Rose in Three Quarter Time (Rachel McMillan) – Review

Rose in TQT banner

~ About the Book ~

Some people marry for love; others marry for music…

Rose McNeil is rising the ranks at the Mozarteum in Salzburg as a violinist to watch. Her musical Nova Scotian heritage has loaned an unparalleled technique to her interpretation of some of the most beautiful compositions in the world. The opportunity of a first chair assignment to the Rainer Quartet under the baton of Oliver Thorne is a dream come true— until her visa expires and the threat of leaving Vienna looms. As much as she grieves the prospect of leaving Vienna and the quartet, it is Oliver—with his dry sense of humour and unexpected charm- she will miss most.

British ex-pat Oliver Thorne’s recent appointment as conductor to the Rainer Quartet make him the youngest in the role during its prestigious history. But it wasn’t the path he wanted. A tragic accident years ago forbade him from ever playing his beloved cello again. Now he spends his life teaching and guest conducting for premiere orchestras at the Musikverein. When he first hears Rose McNeil play, all the dreams he left by the wayside are reborn with her unexpected talent. When Rose learns she may have to leave Vienna, Oliver has to come up with a solution. Losing his first violinist is unfortunate, losing her is unimaginable.

So he comes up with a crazy idea: A marriage on paper only. She’ll take his name and his citizenship. They’ll split rent money and coin toss to decide who takes the bed or the the futon every night. They’ll keep their secret from the orchestra. She’ll play and he’ll conduct and, most importantly…she’ll stay.

Unbeknownst to each other, Rose is in love with Oliver and Oliver is in love with Rose. They might even find a happy ending, if only their pesky marriage doesn’t get in the way.

Genre:  Contemporary Romance (Novella)
Release date: 30 September 2018
Pages:  178
Publisher:  Independently published

Amazon US  //  Amazon AU  //  Goodreads

~ Excerpt ~

When Rose McNeil took the stage, the overhead lights haloed the blond braid crowning her head as she stepped to the center. Light blue eyes courted the spotlights well, her long fingers curved over the bow. She smiled out to the audience genuinely. He had been under a similar spotlight with limited view other than a blur of red chairs and shadowed figures several times before. The sting of the glare in your eyes, a congregation of shadows, a cavern catching the slightest cough or crinkle of candy wrapper.
He watched Rose McNeil lift the instrument and tuck it under her chin. She positioned the bow. A cough. The shift and shuffle of people falling into a repose of anticipating silence. Then, a full two bars of Bach’s Partita No 2. and the woman in front of him was unlike anything he had seen or heard before. On the third bar he wanted her for the Rainer Quartet and on the elusive, beautiful sixth bar, as she translated Bach’s age old notes with an inimitable artistry of her own, he tugged at his collar. Was the auditorium suddenly warm?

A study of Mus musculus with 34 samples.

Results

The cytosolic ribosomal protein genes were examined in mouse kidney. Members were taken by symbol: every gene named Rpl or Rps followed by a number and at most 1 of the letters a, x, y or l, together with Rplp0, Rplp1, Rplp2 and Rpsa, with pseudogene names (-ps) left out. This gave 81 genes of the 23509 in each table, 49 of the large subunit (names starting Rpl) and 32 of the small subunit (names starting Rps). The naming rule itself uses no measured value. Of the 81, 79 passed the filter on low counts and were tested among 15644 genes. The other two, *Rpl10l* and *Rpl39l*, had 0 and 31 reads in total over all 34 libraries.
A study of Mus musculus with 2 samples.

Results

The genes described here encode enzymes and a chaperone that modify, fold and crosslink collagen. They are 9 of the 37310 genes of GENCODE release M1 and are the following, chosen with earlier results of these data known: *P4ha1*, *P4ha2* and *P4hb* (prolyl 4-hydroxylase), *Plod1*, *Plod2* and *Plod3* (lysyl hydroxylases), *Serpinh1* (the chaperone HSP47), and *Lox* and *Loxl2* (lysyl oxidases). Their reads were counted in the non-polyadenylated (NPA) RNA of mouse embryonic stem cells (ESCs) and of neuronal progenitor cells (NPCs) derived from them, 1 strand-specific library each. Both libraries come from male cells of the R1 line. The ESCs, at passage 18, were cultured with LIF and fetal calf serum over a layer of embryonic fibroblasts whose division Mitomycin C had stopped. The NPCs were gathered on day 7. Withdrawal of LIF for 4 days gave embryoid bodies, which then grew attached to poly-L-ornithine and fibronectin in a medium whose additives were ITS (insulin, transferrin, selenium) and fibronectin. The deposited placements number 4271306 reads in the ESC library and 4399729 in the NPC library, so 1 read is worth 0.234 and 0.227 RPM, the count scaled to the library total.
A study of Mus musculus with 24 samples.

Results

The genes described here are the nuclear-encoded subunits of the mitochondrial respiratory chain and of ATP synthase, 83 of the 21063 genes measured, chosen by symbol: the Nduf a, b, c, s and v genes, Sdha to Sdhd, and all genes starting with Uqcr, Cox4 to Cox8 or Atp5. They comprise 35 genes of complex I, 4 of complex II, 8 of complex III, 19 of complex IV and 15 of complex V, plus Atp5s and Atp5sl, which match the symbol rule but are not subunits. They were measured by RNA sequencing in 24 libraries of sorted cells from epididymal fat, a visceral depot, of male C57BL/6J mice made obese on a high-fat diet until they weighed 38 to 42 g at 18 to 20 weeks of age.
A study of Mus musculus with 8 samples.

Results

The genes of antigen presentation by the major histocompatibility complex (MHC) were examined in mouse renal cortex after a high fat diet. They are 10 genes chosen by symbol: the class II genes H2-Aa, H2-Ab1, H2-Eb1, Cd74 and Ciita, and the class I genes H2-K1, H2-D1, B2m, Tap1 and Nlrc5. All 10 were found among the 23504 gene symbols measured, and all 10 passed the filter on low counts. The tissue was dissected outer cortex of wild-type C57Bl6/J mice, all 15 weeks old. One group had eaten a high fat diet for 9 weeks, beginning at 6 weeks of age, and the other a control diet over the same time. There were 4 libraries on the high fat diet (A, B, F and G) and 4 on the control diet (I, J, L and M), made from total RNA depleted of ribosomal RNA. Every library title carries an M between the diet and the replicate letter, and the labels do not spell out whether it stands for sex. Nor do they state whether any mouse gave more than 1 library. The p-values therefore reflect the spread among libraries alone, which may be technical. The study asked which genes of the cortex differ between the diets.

~ Review ~

I am in the very happiest of happy places. If you could see me right now, you would see a soft smile of contentment that lingers between gentle sighs that are half sweet memories of the story and half regret that the story is finished and I’ve been forced to return to reality. I didn’t know it, but this is the novella I have always wished someone would write: Vienna, music, romance, a marriage of convenience, and two characters who feel deeply and love deeply. *sigh* Can I just sit here and sigh happily and make that my review? *sigh*

Truly, this is a gorgeous novella. Vienna comes alive with all its history and romance—and the music! For a music-lover like myself, it was impossible not to pick out a few soundtracks to enhance the reading experience. But at the centre of it all are Rose and Oliver, who are now two of my favourite characters. Oliver, the quietly intense, Shostafreakinkovich-loving conductor working hard to be satisfied with second-best, and Rose, the bright breath of fresh air who captures Oliver from the third bar of Bach’s Partita No 2.

It was simply delicious to watch their friendship blossom, to feel the tension growing as their feelings deepened beyond their expectations and beyond what their circumstances allowed. I can’t believe I’m actually going to say this, but I was as one with Barry Manilow: “When will this strong yearning end?” Lol. But as corny as that sounds, this story was anything but. I was completely swept up and swept away. Sorry, I’m going to need to sigh again. *sigh*

Music, romance, Vienna, and the very capable pen of Rachel McMillan. What’s not to love?

I received a copy of this novel from the author. This has not influenced the content of my review, which is my honest and unbiased opinion.

If you’d like to know more about this book, make sure you check out my interview with Rachel McMillan.

~ Related Books ~

~ About the Author ~

Rachel McMillanRachel McMillan is a keen history enthusiast and a lifelong bibliophile. When not writing or reading, she can most often be found drinking tea and watching British miniseries. Rachel lives in bustling Toronto, where she works in educational publishing and pursues her passion for art, literature, music, and theater.

Connect with Rachel:  Website // Facebook // Twitter // Instagram

About Fiction Aficionado

Homeschooling mum, word lover, reader extraordinaire, and follower of Christ
Image | This entry was posted in Book Reviews, Contemporary Romance, New Releases, Novella, Romance and tagged , , . Bookmark the permalink.